16/08/2013 07:53 BST | Updated 16/10/2013 06:12 BST

Kepler Space Telescope: Nasa Gives Up On Repairs To Planet-Hunting Satellite (PICTURES)

This artist rendition provided by NASA shows the Kepler space telescope. The spacecraft lost the second of four wheels that control the telescope?s orientation in space, NASA said Wednesday, May 15, 2013. If engineers can?t find a fix, the failure means the telescope won?t be able to look for planets outside our solar system anymore. (AP Photo/NASA)

Bad news from space: after months of analysis, Nasa has abandoned repairs to its Kepler Space Telescope.

But the good news is that even in its hobbled state, the craft can still contribute useful science.

Two of Kepler's four gyroscope-like reaction wheels have failed, which means that the craft is no longer able to point itself at precise locations in space.

That wasn't entirely unexpected - Kepler, which has been used mainly to search for Earth-sized planets outside our Solar System - completed its primary mission last year. In that time it found 135 confirmed exoplanets, and identified more than 3,500 candidate planets. Thousands more could be hidden in the data which is still being examined by scientists at Nasa and elsewhere.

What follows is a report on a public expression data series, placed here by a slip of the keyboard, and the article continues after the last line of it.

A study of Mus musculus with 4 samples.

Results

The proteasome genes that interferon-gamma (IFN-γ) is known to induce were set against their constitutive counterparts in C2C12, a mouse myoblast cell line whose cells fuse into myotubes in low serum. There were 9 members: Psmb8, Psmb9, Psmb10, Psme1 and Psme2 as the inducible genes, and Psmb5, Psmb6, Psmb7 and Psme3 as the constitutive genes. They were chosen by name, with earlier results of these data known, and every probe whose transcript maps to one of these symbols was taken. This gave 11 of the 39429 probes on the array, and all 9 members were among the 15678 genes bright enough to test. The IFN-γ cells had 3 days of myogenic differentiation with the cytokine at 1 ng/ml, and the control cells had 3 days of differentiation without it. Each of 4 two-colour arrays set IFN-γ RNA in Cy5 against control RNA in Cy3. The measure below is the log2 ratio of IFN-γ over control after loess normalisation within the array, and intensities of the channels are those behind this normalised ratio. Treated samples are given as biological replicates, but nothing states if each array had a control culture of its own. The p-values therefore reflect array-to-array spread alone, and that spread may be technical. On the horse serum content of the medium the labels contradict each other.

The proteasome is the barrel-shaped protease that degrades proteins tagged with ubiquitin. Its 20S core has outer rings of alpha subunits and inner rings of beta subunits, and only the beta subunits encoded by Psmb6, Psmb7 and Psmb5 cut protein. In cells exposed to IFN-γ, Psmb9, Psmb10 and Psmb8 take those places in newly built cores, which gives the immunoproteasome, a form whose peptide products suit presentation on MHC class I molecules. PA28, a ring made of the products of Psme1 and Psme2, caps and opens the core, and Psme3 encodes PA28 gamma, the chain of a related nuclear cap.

The telescope had begun its four-year extended mission when the wheels failed.

While it will not be able to carry out the same detailed work as before, however, it may still be able to search for planets.

"Kepler has made extraordinary discoveries in finding exoplanets including several super-Earths in the habitable zone," said John Grunsfeld, associate administrator for NASA's Science Mission Directorate in Washington. "Knowing that Kepler has successfully collected all the data from its prime mission, I am confident that more amazing discoveries are on the horizon."

Nasa will now complete a study into how best to use the telescope while it is still partially functional.

Nasa said:

"Depending on the outcome of these studies, which are expected to be completed later this year, NASA will assess the scientific priority of a two-wheel Kepler mission. Such an assessment may include prioritization relative to other NASA astrophysics missions competing for operational funding at the NASA Senior Review board early next year."